THE STATUES in the water garden at Fountains Abbey and Studley Royal, near Ripon in North Yorkshire, are being restored to their original colour
Research shows that these works were an off-white colour when they were installed in the 18th century.
Now they are being restored as part of a three-year project. A spokesman for the National Trust, which runs the tourism attraction, said: “We’ll be re-painting the lead statues, re-instating planters, creating new benches based on those illustrated in 18th century paintings and continuing our work restoring the yew ‘bosquet’ hedges which have grown and lost their original shape.”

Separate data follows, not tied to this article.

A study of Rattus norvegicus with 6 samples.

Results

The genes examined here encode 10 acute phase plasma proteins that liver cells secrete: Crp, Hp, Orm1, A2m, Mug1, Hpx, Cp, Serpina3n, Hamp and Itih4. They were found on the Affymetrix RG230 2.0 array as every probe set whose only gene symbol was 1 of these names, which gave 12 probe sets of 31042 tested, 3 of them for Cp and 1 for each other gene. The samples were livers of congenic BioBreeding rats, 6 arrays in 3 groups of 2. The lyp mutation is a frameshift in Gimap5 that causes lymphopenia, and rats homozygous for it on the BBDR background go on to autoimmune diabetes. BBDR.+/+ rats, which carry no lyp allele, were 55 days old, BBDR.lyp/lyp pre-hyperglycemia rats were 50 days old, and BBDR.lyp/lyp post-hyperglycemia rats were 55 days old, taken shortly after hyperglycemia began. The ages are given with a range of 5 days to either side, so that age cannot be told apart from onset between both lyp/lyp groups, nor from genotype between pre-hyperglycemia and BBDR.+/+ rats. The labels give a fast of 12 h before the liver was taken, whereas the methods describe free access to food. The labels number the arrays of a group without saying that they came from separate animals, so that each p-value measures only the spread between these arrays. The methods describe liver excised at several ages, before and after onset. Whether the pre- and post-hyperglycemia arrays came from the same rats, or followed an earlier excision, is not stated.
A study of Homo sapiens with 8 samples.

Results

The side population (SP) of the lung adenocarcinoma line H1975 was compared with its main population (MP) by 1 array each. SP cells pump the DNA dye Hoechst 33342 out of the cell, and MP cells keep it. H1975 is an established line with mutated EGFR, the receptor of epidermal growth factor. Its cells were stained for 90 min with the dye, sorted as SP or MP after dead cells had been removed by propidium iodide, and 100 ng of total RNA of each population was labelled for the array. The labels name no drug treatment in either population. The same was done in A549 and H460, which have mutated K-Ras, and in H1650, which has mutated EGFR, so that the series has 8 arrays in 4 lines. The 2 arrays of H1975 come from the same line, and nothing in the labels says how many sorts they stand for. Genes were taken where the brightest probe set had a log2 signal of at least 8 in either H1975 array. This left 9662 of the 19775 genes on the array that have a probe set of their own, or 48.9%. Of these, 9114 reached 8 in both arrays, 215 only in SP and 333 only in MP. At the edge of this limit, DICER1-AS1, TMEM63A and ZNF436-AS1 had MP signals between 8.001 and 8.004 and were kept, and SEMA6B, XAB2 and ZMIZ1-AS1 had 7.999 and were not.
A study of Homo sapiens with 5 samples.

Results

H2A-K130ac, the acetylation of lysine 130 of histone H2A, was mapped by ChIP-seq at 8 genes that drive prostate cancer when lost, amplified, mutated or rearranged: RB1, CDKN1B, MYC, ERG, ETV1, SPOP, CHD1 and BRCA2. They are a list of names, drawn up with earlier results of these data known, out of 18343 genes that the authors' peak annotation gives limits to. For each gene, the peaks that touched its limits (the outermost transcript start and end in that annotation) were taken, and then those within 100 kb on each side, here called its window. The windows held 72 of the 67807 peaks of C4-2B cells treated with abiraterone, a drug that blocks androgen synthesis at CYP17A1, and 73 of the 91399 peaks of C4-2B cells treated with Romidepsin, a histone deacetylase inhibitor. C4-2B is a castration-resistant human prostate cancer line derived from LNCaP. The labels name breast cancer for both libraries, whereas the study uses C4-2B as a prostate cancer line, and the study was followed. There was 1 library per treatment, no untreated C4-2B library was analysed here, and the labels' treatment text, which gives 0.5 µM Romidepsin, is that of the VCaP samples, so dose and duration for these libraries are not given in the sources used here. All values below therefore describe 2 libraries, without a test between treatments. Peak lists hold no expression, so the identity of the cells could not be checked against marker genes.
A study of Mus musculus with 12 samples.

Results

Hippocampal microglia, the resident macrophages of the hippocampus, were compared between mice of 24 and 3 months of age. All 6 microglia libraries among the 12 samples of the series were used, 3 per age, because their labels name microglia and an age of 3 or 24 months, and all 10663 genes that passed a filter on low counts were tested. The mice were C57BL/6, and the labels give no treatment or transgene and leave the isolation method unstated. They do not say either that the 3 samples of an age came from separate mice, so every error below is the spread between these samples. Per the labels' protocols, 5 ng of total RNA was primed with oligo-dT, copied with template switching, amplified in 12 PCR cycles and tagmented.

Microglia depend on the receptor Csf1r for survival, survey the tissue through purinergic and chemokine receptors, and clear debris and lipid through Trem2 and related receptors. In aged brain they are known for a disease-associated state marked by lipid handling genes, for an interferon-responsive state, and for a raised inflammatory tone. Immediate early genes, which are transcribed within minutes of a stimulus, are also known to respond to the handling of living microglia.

The water garden, designed by John Aislabie, has clipped yew hedges, classical statues, geometric shapes and reflective ponds making Studley Royal an outstanding example of the ‘English’ garden style that swept across Europe during the 18th century.
When the National Trust purchased the Fountains Abbey and Studley Royal estate in the early 1980s, one of the first projects was to work on the temples, statues, water features and lawns around the moon ponds. This helped to achieve the Unesco designation of World Heritage Site.
Restoration of the statues also took place in the 1980s. Some of the techniques caused damage to the surface of the statues and removed all traces of the original paint.
It will take the team of four conservators about five days to complete. They have relied upon research and evidence at similar gardens to identify the correct colour. The work is being completed by Rupert Harris, Metalwork, conservation advisor to the National Trust.